Kampala- Government is drafting new regulations that will require all foreign companies with a substantial level of capital to list on the Uganda Securities Exchange, Finance State Minister in charge of Planning David Bahati, has said.
Speaking at the launch of Lucky 3, a betting product by Moja Betting Company in Kampala at the weekend, Mr Bahati said the regulations, which are currently being drafted, will compel or force some or all foreign companies with substantial capital to list on the exchange.
“We are working on regulations to request and [or] compel every foreign company to float shares. The regulations will be coming soon so that we minimise on the issue of capital flight,” he said without giving details of the draft regulations.
Government, Mr Bahati added, will initially focus on betting companies due to the sensitivity of their operations, especially on the public and money laundering, but will later roll out to other sectors subject to as and when the regulations are completed.
A number of government officials including President Museveni have previously said that local ownership in foreign companies is the best solution that will mitigate capital flight, one of the biggest problems in investment and development.
Already, government has put in place the National Broadband Policy that requires all telecommunications companies to have local ownership to ensure capital retention within the country.
Currently, MTN has said it is willing to offer a 20 per cent stake to Ugandans but is still considering a number of options through which locals can be involved.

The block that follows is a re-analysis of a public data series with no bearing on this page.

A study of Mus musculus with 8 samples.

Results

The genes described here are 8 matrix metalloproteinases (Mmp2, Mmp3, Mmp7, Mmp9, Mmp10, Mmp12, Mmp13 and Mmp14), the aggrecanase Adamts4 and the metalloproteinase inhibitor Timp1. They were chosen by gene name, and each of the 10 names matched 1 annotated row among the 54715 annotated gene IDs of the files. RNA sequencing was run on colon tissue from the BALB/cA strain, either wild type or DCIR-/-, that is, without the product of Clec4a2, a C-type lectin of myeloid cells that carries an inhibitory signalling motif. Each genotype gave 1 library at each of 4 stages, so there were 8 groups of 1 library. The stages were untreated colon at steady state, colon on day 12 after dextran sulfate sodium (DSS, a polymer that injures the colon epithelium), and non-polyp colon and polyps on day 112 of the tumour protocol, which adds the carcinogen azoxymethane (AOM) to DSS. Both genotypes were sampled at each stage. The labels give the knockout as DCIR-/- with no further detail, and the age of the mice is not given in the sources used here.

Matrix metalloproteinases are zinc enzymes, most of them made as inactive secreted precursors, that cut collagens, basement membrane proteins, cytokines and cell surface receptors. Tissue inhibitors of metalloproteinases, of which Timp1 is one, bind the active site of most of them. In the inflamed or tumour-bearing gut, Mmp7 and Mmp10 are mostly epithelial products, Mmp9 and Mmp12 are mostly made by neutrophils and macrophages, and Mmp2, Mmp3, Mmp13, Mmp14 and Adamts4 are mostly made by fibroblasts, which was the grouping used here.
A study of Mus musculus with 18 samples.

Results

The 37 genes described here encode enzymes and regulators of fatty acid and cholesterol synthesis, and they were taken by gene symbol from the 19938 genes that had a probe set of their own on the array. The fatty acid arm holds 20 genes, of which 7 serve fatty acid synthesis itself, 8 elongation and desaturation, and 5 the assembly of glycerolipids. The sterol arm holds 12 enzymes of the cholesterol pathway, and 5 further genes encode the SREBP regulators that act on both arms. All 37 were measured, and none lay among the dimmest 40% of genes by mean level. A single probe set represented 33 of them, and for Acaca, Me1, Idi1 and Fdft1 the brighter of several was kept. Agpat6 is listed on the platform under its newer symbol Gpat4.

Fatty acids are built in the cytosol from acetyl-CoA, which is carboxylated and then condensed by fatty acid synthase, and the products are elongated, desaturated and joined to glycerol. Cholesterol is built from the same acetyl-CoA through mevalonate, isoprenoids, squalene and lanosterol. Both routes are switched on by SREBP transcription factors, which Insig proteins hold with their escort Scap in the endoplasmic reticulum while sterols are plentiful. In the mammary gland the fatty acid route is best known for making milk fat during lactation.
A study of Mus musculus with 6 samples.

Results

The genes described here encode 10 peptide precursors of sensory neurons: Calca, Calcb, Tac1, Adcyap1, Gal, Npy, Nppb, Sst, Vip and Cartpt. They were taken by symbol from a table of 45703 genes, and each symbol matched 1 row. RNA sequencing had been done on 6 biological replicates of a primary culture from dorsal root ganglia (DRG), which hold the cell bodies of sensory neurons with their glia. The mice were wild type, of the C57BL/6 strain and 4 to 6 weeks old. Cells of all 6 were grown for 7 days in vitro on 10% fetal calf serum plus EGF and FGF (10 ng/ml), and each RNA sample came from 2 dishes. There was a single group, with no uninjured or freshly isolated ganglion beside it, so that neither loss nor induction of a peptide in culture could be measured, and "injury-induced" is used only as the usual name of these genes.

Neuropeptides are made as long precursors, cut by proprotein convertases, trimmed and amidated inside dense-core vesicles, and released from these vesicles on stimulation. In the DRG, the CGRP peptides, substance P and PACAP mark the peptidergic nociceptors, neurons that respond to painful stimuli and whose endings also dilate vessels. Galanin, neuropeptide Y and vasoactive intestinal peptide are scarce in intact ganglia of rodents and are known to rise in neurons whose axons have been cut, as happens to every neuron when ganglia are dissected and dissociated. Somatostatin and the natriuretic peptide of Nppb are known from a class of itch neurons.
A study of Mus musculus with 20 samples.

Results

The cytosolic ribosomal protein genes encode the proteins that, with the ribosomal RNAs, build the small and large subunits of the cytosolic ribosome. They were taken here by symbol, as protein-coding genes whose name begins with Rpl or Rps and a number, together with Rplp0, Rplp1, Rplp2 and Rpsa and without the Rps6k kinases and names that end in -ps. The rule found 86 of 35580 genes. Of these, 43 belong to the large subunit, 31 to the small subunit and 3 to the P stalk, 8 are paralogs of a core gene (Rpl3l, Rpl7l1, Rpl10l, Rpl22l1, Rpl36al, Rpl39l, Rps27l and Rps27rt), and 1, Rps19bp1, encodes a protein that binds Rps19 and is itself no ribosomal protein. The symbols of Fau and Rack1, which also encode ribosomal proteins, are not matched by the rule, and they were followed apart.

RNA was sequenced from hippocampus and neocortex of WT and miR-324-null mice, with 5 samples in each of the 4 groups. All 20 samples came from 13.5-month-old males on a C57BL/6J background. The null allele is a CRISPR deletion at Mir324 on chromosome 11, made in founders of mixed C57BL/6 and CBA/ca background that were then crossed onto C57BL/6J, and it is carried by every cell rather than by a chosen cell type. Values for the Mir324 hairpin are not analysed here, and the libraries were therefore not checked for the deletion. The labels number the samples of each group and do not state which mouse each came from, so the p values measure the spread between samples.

Airtel is yet to take a stand on the listing in Uganda but moves have been taken to list on the London Stock Exchange and in Nigeria.
Government officials, including Finance Minister Matia Kasaija, have also previously said that they will force all privatised government enterprises to list on the exchange.
However, no policy has been made in that direction and no guidance has been given to telecom operators to ensure that they fulfil new demands.
Dr Fred Muhumuza, an economist and Makerere University lecture, told Daily Monitor at the weekend that whereas government’s intentions mean well, it was taking on a strategy that is not research based.
Forcing foreign companies to list, he said, does not mean Ugandans will have the capacity or will to buy into those firms.
“Local ownership means you must find Ugandans who will be able to raise that capital and pay for the shares, and that I think has been partly the problem for Ugandans,” he said, emphasising that it is not possible to find people with enough money to buy into the companies or even interested in those companies.
The Uganda Securities Exchange, a key capital mobilization alternative, has struggled to attract initial public offerings going for as long as six years without any prospect.
For instance, the exchange, which currently has nine locally listed companies and eight cross listings, had gone for six years before listing Cipla Quality Chemicals last year.